Huawei welcomes Ontario delegation by announcing new 5G research partnerships

Huawei will extend its Kanata, Ont.-based Canada Research Centre and partnership with Carleton University to focus on 5G advanced communications research, the firm announced today as Ontario Premier Kathleen Wynne visited its Shenzhen, China-based headquarters.

Huawei says it will work with Carleton to identify new research undertakings aimed at addressing the widespread deployment and adoption of 5G technologies. With 5G wireless networks closer to being commercialized, the research will turn to the new applications that will be opened up by the increased broadband speeds – namely self-driving cars and Internet of Things (IoT) devices.

Huawei also signed a partnership with Seneca College to train network technicians on Huawei enterprise equipment. The Huawei Authorized Learning Partner program at Seneca marks a first in Canada. It’s already offered three programs to 57 participating students.

Huawei welcomed the Premier and an Ontario delegation that included Michael Tremblay, the CEO of Invest Ottawa, and Richard Waterhoue, vice-president of the Centres of Excellence in Next Generation Networks (CENGN). It also announced that it’s the newest member of the CENGN consortium.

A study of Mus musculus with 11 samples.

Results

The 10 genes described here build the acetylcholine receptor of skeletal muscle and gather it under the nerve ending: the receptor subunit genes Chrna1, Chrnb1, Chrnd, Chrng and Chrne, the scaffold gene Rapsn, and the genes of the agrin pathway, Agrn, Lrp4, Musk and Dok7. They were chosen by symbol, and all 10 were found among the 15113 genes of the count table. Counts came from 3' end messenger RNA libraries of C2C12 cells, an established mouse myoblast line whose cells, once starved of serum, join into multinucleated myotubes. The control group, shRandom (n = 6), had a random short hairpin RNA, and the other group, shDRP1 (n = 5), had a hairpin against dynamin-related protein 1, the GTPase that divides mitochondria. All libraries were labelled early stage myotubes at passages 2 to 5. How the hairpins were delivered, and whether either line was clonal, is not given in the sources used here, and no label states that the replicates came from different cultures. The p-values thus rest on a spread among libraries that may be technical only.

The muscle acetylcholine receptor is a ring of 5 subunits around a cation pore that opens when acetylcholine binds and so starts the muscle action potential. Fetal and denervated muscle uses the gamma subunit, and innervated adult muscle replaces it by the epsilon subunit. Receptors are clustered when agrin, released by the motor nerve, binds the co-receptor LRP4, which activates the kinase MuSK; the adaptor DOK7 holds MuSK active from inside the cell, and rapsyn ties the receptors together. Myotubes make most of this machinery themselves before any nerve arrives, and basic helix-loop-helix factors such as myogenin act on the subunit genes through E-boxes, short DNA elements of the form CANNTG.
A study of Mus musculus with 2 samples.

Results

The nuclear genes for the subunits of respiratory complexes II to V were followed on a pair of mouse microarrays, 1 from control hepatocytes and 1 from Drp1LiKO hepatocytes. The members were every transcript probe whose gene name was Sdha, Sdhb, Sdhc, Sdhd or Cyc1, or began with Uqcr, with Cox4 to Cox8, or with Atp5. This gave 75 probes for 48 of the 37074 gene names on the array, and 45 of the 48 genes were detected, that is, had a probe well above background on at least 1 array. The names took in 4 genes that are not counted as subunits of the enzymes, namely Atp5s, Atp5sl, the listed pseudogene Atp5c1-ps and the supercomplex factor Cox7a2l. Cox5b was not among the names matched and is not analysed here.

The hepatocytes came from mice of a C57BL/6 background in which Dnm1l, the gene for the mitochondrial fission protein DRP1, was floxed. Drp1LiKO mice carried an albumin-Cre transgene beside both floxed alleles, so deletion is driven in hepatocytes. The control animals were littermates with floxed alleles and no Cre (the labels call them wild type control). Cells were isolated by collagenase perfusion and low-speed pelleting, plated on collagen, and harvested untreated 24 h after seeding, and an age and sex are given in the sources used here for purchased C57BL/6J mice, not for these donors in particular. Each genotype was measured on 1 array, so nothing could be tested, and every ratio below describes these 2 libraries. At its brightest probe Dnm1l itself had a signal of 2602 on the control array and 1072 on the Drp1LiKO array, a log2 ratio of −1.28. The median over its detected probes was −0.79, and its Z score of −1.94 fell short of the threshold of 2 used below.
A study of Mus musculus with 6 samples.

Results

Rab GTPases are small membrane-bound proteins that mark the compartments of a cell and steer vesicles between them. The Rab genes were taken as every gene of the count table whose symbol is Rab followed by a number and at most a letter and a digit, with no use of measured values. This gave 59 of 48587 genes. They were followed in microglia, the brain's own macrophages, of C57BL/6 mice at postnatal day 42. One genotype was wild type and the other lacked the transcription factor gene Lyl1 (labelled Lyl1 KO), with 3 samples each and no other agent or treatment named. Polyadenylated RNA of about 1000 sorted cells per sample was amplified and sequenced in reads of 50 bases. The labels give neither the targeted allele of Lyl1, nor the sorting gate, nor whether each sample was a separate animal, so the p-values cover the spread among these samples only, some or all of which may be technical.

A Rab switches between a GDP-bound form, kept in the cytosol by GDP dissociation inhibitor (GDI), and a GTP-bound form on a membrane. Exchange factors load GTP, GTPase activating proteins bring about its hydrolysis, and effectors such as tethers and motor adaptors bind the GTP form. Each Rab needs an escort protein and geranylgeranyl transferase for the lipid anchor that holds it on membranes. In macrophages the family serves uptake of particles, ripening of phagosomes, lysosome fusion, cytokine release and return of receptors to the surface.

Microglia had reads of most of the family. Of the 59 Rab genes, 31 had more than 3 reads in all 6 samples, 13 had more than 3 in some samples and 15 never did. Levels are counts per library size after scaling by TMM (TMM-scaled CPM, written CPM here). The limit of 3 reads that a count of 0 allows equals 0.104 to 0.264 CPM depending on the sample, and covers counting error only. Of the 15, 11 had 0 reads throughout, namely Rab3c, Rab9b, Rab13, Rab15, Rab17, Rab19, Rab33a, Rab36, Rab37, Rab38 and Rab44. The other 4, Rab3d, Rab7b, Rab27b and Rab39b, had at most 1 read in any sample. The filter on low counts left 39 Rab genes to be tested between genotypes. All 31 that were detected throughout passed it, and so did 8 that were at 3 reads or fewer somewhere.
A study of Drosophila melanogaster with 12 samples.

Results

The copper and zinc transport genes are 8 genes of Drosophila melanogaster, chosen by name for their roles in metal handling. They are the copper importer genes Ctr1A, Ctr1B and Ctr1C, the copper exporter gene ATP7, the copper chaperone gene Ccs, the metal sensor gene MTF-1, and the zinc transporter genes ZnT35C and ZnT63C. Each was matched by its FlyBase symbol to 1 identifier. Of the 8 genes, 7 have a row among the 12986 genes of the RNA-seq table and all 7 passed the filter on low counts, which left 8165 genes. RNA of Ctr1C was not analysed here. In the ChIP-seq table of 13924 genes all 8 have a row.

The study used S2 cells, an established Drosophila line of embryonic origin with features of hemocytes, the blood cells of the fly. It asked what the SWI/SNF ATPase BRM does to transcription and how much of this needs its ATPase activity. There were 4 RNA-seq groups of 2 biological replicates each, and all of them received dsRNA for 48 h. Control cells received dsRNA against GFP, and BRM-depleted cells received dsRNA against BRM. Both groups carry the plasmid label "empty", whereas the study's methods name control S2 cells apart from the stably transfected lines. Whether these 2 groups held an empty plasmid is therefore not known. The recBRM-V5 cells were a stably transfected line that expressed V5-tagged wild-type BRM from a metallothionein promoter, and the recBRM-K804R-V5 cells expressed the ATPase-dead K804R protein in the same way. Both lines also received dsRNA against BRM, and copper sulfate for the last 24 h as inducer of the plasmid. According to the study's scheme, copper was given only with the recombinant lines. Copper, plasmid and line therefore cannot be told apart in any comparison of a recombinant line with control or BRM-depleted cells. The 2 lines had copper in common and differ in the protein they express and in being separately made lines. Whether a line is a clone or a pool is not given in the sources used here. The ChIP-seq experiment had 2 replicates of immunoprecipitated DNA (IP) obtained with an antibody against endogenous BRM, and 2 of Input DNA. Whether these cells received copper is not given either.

Huawei has been funding research into 5G, which could bring data speeds of up to 100x that of current 4G LTE networks, since 2009. In 2013, it announced plans to spend $600 million on 5G by 2018. In 2014, it said it would spend $210 million on creating 325 new jobs in Ontario by 2019.

Ontario Premier Kathleen Wynne visited Huawei’s headquarters in Shenzhen, China. Here, she speaks with Sean Yang, past president Huawei Canada and head of Global Security Protection Office for Huawei.

CENGN’s members include Canada’s major incumbent carriers – Bell, Telus, and Rogers – and Huawei will work with them to identify challenges related to the deployment of 5G, said Steve Lu, the president of Huawei Canada. Issues could relate to data integrity, security of IoT devices, and resilient networks.

Huawei’s partnership with Carleton has seen 33 researchers at the postdoctoral, doctoral, and master’s level degrees in the 5G industry. It’s published 120 research papers and has 30 patented inventions as a result.

Ken Hu, Huawei deputy chairman and Co-CEO Huawei Technologies with Premier Kathleen Wynne at Huawei Campus in Shenzhen

Huawei says it’s supporting a bid by Carleton to establish a network of centres of excellence for Connected, Autonomous and Networked Vehicles across Canada.

Currently, Huawei is hiring for 10 jobs related to 5G research, including engineers and a patent lawyer.


Brian Jackson
Editorial director of IT World Canada. Covering technology as it applies to business users. Multiple COPA award winner and now judge. Paddles a canoe as much as possible.